Sara Routhier, Managing Editor and Outreach Director, has professional experience as an educator, SEO specialist, and content marketer. She has over five years of experience in the insurance industry. As a researcher, data nerd, writer, and editor she strives to curate educational, enlightening articles that provide you with the must-know facts and best-kept secrets within the overwhelming world o...


Founder, CFP®

UPDATED: Jun 5, 2013


Experian Automotive found that leasing represented a high of 27.5 percent of all new vehicles financed in Q1 2013. This was a significant increase from 24.4 percent in Q1 2012. The average monthly leasing payment on a new vehicle in Q1 2013 was $459, a reduction from Q1 2012 when it was $462.

Davis Speight, general manager at Starwood Motors, told loans.org that the Experian findings are a great signifier for consumers, local businesses and the overall economy. He said the auto lending industry has improved because there is more trust and confidence in the auto business as a whole.

“There are more lenders that are getting back into the leasing world,” Speight said.

In addition to more lending options, banks are setting residuals on auto leases that are more realistic. If the residual is estimated properly, auto dealers can break even or make a profit off the sale of a vehicle after its lease ends.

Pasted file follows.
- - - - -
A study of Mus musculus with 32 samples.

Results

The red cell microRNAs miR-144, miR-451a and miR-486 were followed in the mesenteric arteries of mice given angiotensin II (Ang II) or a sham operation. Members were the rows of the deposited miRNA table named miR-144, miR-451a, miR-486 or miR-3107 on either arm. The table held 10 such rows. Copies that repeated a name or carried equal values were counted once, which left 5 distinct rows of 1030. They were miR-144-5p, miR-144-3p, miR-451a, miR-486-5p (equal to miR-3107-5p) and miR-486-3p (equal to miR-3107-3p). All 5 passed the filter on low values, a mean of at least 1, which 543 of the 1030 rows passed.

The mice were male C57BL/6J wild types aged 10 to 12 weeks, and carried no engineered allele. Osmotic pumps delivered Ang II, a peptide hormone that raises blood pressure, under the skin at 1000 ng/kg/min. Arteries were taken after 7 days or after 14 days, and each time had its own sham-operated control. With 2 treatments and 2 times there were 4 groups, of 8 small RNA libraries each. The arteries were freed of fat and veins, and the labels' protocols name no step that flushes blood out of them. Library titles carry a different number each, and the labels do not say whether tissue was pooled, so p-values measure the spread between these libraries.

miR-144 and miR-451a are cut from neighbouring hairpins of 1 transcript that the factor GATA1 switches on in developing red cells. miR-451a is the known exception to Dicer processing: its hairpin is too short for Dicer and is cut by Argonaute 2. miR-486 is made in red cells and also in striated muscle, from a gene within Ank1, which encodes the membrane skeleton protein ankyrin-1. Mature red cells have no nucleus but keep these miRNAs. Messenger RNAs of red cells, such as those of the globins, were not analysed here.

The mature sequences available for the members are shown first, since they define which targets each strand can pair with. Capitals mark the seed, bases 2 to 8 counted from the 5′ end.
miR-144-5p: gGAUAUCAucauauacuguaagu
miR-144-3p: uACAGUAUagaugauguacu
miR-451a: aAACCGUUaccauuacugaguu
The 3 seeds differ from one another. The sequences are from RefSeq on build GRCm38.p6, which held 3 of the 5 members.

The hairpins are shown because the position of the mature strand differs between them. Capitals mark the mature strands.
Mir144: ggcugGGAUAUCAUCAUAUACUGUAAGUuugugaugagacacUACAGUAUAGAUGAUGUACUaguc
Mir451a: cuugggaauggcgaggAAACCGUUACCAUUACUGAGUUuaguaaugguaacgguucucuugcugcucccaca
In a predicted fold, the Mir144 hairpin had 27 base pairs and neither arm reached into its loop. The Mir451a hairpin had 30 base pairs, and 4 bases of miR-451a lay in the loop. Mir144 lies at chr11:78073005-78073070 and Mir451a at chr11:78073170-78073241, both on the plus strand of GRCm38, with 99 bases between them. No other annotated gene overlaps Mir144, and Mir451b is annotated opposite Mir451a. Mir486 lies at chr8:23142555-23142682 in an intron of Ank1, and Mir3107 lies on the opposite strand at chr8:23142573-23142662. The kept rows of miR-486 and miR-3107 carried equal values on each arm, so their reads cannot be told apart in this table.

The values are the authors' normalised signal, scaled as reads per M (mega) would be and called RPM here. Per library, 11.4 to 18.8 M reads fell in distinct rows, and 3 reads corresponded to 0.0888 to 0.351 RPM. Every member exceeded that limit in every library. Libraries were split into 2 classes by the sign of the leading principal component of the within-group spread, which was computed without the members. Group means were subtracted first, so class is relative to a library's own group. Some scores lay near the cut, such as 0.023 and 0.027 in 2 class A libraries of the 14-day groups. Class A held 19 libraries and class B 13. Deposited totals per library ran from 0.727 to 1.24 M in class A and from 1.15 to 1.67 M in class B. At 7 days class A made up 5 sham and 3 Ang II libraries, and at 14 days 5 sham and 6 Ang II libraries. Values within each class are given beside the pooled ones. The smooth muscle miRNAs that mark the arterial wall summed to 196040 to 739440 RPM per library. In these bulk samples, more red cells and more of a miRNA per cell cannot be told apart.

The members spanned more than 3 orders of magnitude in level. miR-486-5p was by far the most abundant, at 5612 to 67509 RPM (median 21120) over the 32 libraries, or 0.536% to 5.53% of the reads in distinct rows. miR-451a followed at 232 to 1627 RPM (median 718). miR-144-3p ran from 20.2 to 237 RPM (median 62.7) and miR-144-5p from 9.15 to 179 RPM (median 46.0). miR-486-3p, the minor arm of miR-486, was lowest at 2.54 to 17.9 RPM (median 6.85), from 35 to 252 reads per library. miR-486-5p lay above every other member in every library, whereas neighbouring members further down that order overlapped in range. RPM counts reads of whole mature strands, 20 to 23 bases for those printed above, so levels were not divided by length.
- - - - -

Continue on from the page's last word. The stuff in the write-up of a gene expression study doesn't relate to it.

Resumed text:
Speight said the increase in the total number of leased vehicle is good for business.

“It offers people a way to get into a vehicle that they traditionally may have not considered,” he said.

Melinda Zabritski, senior director of Experian Automotive Credit, agrees with Speight. She said that consumers shop for vehicles based on their budgetary limits and auto leasing is seen as a way to reduce monthly payments. She said auto loan lenders have seen the market recover, and leasing has returned as one element of a larger lending strategy.

Beyond auto leasing, purchasing a new or used vehicle is another option for consumers. The report discovered several positive trends for auto loans.

First, auto loan term lengths have extended from 64 months to 65 months in the past year.

Secondly, interest rates on auto loans have reduced from 4.6 percent in Q1 2012 to 4.5 percent in Q1 2013, which helps to keep consumer’s monthly payments low.

Additionally, the average auto loan amounts for new cars increased by an average of $628, reaching an overall average of $26,648 this quarter. Loans for used vehicles also increased, rising by an average of $461, resulting in an overall average of $17,532.

A final sign of the improving auto economy is lending institutions’ acceptance of lower credit scores. Auto loans made to consumers without prime credit, such as nonprime, subprime and deep subprime, increased to 45.2 percent. This was a jump from 44.4 percent seen in Q1 2012.

The average credit score for a new auto loan dropped from 760 last year to 755. A similar trend occurred for used vehicles, where average credit scores decreased from 659 to 657.

Speight said that lenders are likely approving more subprime borrowers because they noticed that they were missing business opportunities. He said that lending institutions are giving more consumers an opportunity to re-establish themselves.

“What the banks are doing is they are opening up their eyes to those people that went through those hardships,” he said.